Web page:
I’ve been an Iowa State University Extension Master Gardener and member of the Story County Master Gardener Association since 2001. My favorite club activity is our annual Plant Sale on Mother’s Day weekend. I enjoy visiting with gardeners and helping them decide what plants would work best in their yards and their plan.

As a child I helped out with the family garden every summer reaping the fruits of my labor with joy. I also remember slipping away during visits to my grandfather’s farm to liberate some of his raspberries. However, gardening is more than just planting a flower, fruit or vegetable garden. We are conservators of the land and have a responsibility to protect the environment with a thoughtful plan for the land we manage.

 

by Andrea Dorn - posted 12/29/13

Do you keep a journal? What about a gardening journal? If not, now is the perfect time to start. Use any type of notebook or even an actual journal. Or you can go straight to your computer or e-notebook (or pad or whatever you call them). If you’re crafty you might even make your own journal.

Look back at this past year. Record any perennials you added to your yard and their location (maybe even when you planted it if you remember). If you want to be even more detailed you can record what medium you added, where purchased, how often you watered or fed it, etc. Did you plant any trees or bushes this year? Record the same information for them also. You’ll want to record any information you recall about lawn treatments or reseeding you’ve done.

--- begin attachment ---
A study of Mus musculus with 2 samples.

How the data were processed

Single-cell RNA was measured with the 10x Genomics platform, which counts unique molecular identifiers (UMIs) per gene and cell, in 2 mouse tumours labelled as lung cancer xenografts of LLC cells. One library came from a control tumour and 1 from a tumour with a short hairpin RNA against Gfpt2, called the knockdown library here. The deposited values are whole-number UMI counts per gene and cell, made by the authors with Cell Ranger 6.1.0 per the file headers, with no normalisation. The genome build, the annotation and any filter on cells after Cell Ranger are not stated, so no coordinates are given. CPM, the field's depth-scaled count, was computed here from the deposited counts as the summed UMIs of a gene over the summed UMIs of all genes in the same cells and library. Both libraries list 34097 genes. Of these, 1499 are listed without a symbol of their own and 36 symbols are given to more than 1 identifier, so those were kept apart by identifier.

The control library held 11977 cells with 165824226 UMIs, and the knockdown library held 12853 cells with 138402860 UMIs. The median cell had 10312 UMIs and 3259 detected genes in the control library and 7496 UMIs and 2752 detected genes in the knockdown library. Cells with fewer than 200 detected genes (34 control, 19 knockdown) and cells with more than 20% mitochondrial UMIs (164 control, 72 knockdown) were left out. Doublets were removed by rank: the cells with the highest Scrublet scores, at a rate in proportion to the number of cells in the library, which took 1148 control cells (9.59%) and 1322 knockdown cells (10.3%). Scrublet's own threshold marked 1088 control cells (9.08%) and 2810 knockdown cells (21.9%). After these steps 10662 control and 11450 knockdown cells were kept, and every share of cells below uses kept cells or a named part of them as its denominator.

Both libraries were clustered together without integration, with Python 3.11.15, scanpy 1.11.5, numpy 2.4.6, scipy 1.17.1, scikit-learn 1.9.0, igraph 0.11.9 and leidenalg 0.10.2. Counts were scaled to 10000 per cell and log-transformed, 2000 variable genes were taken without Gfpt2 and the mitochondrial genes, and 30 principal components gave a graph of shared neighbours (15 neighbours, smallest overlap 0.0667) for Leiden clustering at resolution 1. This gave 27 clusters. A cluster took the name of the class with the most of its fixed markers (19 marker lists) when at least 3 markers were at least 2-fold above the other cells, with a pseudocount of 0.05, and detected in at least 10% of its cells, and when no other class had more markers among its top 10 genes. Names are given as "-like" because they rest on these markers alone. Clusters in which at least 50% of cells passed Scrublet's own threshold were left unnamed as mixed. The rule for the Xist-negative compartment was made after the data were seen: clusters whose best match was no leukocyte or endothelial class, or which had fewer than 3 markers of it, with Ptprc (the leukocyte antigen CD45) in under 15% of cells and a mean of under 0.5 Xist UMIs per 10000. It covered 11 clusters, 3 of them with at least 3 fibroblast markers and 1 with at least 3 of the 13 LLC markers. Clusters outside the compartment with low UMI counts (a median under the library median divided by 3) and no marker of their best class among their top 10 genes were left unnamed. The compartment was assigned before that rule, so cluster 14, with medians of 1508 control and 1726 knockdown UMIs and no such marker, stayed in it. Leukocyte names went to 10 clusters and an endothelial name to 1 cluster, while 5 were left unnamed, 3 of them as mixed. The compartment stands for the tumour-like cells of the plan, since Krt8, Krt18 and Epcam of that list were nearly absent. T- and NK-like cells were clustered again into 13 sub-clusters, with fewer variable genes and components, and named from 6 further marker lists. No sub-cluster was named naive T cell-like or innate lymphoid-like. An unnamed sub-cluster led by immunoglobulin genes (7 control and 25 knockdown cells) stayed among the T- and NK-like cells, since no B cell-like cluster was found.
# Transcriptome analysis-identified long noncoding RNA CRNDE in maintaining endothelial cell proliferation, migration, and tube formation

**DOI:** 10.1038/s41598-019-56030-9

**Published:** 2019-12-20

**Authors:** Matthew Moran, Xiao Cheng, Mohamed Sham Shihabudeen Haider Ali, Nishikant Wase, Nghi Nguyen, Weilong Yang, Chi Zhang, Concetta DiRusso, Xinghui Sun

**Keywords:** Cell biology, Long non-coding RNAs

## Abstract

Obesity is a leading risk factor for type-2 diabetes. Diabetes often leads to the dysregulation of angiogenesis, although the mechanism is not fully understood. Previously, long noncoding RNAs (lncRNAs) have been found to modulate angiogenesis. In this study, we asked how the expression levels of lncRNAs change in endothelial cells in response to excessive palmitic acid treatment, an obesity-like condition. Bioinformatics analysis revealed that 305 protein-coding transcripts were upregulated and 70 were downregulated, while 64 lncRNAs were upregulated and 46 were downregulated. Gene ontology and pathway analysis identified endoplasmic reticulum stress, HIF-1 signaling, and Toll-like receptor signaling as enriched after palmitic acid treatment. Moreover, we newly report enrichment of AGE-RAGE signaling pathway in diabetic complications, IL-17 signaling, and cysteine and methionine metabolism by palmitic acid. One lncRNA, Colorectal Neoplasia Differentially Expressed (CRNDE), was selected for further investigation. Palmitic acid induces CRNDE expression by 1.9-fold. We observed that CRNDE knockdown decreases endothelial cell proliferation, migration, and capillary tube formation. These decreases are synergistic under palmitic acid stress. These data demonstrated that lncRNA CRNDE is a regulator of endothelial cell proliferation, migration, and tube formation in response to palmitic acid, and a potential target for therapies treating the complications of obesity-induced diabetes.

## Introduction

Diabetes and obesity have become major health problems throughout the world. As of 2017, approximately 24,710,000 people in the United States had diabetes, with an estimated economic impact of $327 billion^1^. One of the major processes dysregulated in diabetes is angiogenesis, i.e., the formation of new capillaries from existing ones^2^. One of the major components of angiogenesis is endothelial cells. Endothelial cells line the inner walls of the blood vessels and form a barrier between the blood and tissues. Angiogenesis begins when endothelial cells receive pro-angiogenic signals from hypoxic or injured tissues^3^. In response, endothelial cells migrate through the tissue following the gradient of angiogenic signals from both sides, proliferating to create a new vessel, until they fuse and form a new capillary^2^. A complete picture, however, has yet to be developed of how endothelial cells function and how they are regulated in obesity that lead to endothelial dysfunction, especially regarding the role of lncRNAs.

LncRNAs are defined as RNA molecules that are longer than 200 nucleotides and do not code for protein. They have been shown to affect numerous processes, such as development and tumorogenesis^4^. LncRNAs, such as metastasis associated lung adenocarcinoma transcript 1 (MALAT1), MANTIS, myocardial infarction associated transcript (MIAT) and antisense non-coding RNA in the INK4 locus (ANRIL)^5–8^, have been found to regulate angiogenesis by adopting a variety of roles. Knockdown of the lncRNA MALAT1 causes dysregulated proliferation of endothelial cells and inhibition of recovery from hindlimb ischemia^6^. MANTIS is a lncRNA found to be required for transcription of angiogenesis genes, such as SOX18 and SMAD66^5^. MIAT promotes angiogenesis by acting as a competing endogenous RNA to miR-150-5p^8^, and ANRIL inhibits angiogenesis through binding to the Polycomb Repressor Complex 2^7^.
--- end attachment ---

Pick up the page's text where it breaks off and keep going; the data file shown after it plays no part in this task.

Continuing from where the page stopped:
Journals are also good for keeping track of your successes and failures with annuals, vegetables and fruits. What grew or didn’t grow, what environment in your yard worked better, how well did the plants produce and was the produce good? This means flowers and herbs as well as edibles. A three-ring binder is good for storing receipts, plant labels and seed packets for future reference.

    

Even more important are your thoughts and feelings about gardening. Sure it is helpful to record the facts, but let’s also record how those facts affect you. Maybe you look at gardening and yardwork as a chore. Once you begin to journal force yourself to record at least one non-chore observation each day or week.

Perhaps it is the sweet smell of freshly mowed grass or the spring scent of lilacs greeting you at the back door. Maybe you saw an unusual butterfly wafting around the Rudbeckia or even a honeybee (we know how rare they are now).  Eventually you’ll find yourself writing down more profound thoughts about the world in general. We all know you have it in you!